A conversation about food can lead towards a conversation about socialism and capitalism. This conversation about socialism and capitalism can be temporarily avoided by focusing on technology which could be used within many different economic systems.
The food technology I’d like to use would allow me to receive the best affordable food with the least amount of effort. Note that my wife would prefer a slightly different food technology where the ingredients are delivered to her alongside recipes used to make meals. My wife may even want to select meals from a list and have the ingredients delivered to our kitchen.
So we can begin to imagine a technology in the hands of people who need food. A homeless person (or a strange tech guy like myself) could have meals delivered by drone to the location indicated by their device. There could be sensors in the waste management system which indicates deficiencies in the person’s diet.
The technology ultimately depends on open standards. The equipment used by farmers needs open standards. See Celber/Oggun and Open Source Ecology for examples. The technology used by every leg of the supply chain can make use of open standards. In order to get good food into the hands of homeless people at the lowest cost possible we need open standards.
My Wife Likes To Cook
My wife opens an app on her phone and makes decisions about the meals to cook for the week. When she clicks on the spaghetti meal, the software makes an informed suggestion providing the average price of the ingredients for the meal. After creating the meal plan for the week, she is given options for how the meals are provided to her. Note that the average price is calculated based on the price of ingredients from suppliers in the previously configured location settings.
The most expensive option is that the meals can be scheduled for delivery prepared such that the previous meal’s dirty dishes are picked up when the new meal and dishes are dropped off. A chef in a truck parks outside of our house and prepares the meal. Note that this chef in a truck could be entirely run by robots in the future.
The least expensive option in modern times within our country is that my wife is provided instructions to do most of the work in providing meals for our family. She may be given instructions about which store to visit. She may be given instructions about more than one store to visit. She may be given instructions about the picking path for moving throughout the store and selecting the correct ingredients. She may be given instructions about the car wreck or the tire in the road to avoid while traveling to and from the grocery store. She may be given options for recipes in preparing the meals.
In between the most expensive and least expensive options are all kinds of services and technologies which can be provided. Pickers at the store, whether human or not, can have the groceries ready for pickup. Or perhaps the store has a cart which checks items as they are entered and weighs everything to verify that the list of ingredients, previously paid for, matches up with the items in the cart. Another service could deliver the ingredients to our doorstep, whether human or not.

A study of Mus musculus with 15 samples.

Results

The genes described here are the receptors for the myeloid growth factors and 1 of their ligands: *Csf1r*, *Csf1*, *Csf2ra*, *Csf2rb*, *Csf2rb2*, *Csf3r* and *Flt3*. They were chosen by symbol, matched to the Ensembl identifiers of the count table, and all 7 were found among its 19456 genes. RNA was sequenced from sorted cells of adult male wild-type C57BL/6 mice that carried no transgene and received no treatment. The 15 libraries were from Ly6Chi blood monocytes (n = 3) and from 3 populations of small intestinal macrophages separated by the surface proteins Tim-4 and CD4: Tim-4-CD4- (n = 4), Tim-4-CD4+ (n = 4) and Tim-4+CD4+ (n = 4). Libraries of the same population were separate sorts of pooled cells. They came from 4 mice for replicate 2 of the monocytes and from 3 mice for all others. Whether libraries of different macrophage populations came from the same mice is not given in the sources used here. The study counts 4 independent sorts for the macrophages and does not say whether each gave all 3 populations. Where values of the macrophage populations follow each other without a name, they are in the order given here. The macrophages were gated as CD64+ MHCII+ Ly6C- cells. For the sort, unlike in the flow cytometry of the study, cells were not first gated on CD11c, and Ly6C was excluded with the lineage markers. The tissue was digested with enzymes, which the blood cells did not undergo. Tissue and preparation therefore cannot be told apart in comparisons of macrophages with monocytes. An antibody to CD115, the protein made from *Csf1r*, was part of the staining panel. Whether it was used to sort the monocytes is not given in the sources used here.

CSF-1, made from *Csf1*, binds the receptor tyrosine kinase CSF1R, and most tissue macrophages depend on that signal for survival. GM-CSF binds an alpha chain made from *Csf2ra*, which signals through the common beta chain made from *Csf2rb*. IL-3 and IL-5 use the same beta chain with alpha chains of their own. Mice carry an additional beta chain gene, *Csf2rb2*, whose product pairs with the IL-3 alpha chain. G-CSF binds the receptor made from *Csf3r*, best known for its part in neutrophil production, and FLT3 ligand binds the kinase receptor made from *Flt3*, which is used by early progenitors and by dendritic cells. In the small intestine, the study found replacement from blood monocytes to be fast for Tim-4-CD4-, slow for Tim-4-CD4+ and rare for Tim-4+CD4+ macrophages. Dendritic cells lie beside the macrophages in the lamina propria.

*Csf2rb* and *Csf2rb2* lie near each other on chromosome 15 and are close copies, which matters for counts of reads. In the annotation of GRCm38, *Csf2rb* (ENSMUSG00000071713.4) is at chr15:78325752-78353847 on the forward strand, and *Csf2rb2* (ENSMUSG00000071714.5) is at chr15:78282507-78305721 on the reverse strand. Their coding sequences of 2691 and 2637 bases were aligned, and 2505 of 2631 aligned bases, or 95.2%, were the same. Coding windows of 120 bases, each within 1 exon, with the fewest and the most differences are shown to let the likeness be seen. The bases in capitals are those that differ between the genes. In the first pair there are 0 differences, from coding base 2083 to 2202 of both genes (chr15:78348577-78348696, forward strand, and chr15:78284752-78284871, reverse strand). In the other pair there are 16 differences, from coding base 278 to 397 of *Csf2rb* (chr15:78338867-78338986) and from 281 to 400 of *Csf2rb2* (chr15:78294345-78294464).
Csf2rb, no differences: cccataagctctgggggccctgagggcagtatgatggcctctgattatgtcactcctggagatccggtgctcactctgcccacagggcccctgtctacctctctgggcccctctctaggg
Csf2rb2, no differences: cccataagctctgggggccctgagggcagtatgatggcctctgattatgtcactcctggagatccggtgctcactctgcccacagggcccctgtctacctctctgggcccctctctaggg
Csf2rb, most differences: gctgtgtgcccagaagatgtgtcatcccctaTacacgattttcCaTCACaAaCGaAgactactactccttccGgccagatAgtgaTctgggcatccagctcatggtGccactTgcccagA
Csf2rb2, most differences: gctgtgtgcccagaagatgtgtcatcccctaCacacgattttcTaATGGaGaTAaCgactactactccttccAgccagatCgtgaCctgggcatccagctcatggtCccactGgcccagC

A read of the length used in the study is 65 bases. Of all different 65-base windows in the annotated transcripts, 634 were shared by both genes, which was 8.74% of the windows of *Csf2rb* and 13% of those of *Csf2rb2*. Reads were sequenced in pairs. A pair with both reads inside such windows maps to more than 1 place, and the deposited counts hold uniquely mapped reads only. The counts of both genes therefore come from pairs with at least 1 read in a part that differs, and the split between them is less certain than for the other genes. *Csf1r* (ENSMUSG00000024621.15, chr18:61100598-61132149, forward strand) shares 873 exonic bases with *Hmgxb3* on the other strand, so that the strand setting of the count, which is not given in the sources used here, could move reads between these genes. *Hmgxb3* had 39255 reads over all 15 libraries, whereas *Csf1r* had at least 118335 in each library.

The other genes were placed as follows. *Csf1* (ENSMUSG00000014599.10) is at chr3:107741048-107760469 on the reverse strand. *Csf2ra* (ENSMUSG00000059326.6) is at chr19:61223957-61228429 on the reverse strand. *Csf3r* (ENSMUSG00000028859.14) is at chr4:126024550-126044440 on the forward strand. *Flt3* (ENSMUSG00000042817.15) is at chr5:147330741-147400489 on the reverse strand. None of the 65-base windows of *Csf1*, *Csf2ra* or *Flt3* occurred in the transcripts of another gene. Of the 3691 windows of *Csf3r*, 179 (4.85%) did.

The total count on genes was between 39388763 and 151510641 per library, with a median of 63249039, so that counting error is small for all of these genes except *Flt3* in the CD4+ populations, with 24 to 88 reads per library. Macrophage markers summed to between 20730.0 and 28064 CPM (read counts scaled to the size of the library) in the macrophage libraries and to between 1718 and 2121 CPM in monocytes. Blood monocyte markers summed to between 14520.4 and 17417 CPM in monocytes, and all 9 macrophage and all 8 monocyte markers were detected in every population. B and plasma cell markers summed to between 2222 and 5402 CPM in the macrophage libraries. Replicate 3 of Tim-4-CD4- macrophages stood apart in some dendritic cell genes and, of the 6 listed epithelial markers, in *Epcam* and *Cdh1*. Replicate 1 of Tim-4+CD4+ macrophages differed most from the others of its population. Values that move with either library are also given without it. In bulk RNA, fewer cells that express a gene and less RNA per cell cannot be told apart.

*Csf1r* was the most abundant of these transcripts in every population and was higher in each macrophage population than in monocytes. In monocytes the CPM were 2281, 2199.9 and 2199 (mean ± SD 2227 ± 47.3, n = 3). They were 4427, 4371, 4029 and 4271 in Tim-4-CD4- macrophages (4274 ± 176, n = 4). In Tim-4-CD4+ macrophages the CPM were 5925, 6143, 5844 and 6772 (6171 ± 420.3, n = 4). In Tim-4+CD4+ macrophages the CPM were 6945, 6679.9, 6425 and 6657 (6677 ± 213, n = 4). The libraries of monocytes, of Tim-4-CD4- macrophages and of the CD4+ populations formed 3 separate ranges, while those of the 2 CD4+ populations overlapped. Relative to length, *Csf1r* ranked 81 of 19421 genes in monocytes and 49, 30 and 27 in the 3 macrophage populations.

Hungry and Homeless
In Alabama, a homeless person goes to a homeless shelter where they have access to basic necessities. The supply of food at the shelter is monitored and donors can help make sure there is a supply of food for whoever is hungry. Someone like myself could receive an alert that supplies are low at the shelter and I could donate money and select from various food services suppliers so that food is available to those who are hungry. Note that food stamps could operate in a similar way so that the poor can go to these shelters to eat.
In California or a state which doesn’t worry about costs as much as Alabama, a homeless person might get their food in the most expensive way such that prepared meals are delivered directly to the homeless person.
Note that the cost of options for providing food to people could change overtime as technology improves and awareness of the externalities increases and are factored into the prices. The technology allows individuals to make different informed decisions with different costs and tradeoffs.
In my response video to Chad’s Cosmological Burrito, I try to point at our goal of providing basic opportunity for all people on Earth. I point out that air and water are essential and I point towards the Convective Heat Engine (CHE) as a means of providing a reliable and predictable supply of water for all people on Earth. I also point at an infant idea (for me) about metapolitech as a means by which organizations of people might begin to solve the underlying sensemaking problems which cause organizations like Xprize to ignore ideas like the CHE.
I have attempted to connect with Society Library because they demonstrated a technology which allows for the collection of problems and solutions with claims and arguments. I am interested in submitting proposals and arguments and claims to the Society Library. And I am interested in using this technology alongside other technology within an organization which transforms the world and creates peace on Earth.